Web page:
Having a disability should not stop you or a loved one from exploring the unknown, escaping the everyday world of your current reality, and having the adventure of a lifetime. Here are some tips for easy ways to improve accessible travel:
Always call the places you plan on visiting before you arrive. Those who provide service are required by law in many cases to accommodate travelers with special needs. Some just need some time to make the arrangements ahead of schedule to be ready for your arrival. Be sure to mention your needs when you call to make the reservation (approximately one to two days before arrival).
Be as specific as possible when describing your disability. Give as many details as you can about what you can and can’t do, and be honest about the severity of the disability. The more information a service provider has, the better they will be able to accommodate you. If they promise you certain accommodations, try to get these promises in writing.
Make sure to bring your medication (if needed), and then bring extra and keep them in your carry on bag. It is advised to bring 2 extra packages of your medication just in case of an emergency.
Look up your doctor availability ahead of time in the area you will be traveling. Your physician, health care provider, insurance company or local embassy can provide the names and contact numbers of doctors at your expected destination. Health Care Abroad is a great resource to find remote physicians in your travel areas.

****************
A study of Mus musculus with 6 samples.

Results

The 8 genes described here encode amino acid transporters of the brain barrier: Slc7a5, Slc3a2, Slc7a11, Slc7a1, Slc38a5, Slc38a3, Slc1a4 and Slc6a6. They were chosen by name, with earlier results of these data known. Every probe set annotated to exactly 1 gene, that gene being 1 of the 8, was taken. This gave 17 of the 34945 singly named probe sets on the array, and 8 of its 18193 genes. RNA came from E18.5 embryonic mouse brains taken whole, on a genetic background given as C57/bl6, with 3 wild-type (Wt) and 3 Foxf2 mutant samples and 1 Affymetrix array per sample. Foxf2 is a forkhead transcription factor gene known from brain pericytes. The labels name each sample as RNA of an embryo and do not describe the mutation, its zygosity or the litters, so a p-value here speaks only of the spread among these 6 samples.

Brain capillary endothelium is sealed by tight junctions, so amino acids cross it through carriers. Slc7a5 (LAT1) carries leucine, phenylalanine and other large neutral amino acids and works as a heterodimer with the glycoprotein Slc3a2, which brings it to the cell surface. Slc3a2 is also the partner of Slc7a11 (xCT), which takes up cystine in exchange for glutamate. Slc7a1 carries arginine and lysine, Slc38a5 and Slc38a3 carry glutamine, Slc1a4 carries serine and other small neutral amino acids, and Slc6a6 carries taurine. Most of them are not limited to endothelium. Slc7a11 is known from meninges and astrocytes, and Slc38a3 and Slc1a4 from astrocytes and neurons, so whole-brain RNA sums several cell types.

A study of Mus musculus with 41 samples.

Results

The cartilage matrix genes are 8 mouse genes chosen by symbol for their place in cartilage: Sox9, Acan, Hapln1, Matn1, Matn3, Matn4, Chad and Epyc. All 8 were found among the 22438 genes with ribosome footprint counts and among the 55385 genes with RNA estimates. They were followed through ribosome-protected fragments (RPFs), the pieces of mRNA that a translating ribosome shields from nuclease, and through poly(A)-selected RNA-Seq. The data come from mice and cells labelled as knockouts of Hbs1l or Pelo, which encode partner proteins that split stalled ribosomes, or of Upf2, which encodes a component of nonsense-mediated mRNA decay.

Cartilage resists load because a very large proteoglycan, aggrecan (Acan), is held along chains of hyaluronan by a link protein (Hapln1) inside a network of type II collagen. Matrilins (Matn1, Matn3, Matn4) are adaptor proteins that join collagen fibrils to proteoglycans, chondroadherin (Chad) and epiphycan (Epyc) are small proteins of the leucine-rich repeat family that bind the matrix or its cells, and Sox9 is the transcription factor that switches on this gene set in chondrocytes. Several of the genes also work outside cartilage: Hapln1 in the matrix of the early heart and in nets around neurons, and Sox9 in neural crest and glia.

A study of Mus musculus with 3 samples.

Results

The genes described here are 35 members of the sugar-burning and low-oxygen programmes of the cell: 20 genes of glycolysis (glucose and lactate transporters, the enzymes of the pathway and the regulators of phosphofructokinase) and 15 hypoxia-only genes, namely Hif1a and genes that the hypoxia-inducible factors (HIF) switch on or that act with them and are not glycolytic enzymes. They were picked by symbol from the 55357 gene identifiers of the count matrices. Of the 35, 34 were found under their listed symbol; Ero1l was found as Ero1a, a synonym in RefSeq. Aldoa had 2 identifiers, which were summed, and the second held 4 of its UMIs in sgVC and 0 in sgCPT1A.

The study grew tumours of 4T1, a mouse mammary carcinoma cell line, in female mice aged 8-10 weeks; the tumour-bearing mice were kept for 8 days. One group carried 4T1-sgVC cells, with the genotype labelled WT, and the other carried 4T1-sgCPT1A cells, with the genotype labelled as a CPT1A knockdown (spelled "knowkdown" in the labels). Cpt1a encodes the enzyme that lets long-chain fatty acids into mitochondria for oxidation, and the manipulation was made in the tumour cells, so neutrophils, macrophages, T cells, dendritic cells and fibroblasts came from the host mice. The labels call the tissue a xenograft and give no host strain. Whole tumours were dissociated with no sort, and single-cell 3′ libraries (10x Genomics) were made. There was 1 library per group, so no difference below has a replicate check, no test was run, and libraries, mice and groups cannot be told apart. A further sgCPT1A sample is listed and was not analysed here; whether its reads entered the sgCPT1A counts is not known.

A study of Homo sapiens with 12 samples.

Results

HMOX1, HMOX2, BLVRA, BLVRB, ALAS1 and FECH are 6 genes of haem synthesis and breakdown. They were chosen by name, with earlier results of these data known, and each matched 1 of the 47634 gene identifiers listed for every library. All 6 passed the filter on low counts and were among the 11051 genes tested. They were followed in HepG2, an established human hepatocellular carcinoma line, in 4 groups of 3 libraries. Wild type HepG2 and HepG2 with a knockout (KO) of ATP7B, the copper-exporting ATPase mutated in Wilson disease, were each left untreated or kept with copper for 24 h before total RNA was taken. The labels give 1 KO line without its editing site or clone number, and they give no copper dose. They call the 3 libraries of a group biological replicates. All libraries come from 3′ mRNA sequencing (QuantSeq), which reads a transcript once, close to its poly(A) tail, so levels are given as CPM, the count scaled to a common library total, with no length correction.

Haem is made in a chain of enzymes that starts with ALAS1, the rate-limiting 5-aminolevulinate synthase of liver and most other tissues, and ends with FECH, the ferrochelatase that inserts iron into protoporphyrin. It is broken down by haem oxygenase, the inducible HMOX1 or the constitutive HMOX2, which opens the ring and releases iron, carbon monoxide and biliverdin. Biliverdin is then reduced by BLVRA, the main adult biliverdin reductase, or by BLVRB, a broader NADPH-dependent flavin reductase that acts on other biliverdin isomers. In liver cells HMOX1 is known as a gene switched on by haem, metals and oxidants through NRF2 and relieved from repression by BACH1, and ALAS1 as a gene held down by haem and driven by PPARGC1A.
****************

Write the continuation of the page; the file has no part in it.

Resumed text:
Fly direct and avoid connecting flights as much as possible. Flying directly into a city can save you time, money, and the hassle that comes with unnecessary trouble of having to get on and off a plane more than is needed, especially if you have a wheelchair. Speak with your flight attendant before your plane lands to plan a smooth exit from the plane.
Prepare a ride to and from the airport in your desired city, especially if you have a wheelchair.
Bring extra parts and tools. Wheelchairs go through a lot while traveling, so it’s very important you take care of it as you adventure across the world to ensure that you are able to use it as you need. This means bringing spare parts and any tools you’ll need to care for it. If you need to take your wheelchair apart for certain flights then make sure your companions know how to do this as easy as possible.
Make sure to know your rights as a person with disabilities. Knowing what the TSA’s rules for travelers with disabilities and medical conditions are will greatly help you in making the process of passing through security much easier. Use the U.S. Department of Transportation’s Disability Resource Center.
Be willing to ask for help. Use all the resources you can to get to where you need to. This includes seeking help from customer service in any location to find what you need or asking for help from a fellow traveler about any questions you have because most people are more than willing to lend a helping hand.
Have fun! It’s definitely more of a challenge to travel when you have some limitations, however, it is more than worth the trouble when you finally land in your destination and breathe in the air of a new place with possibilities that are yet to be seen. Breathe in the new and breathe out the old. Happy travels!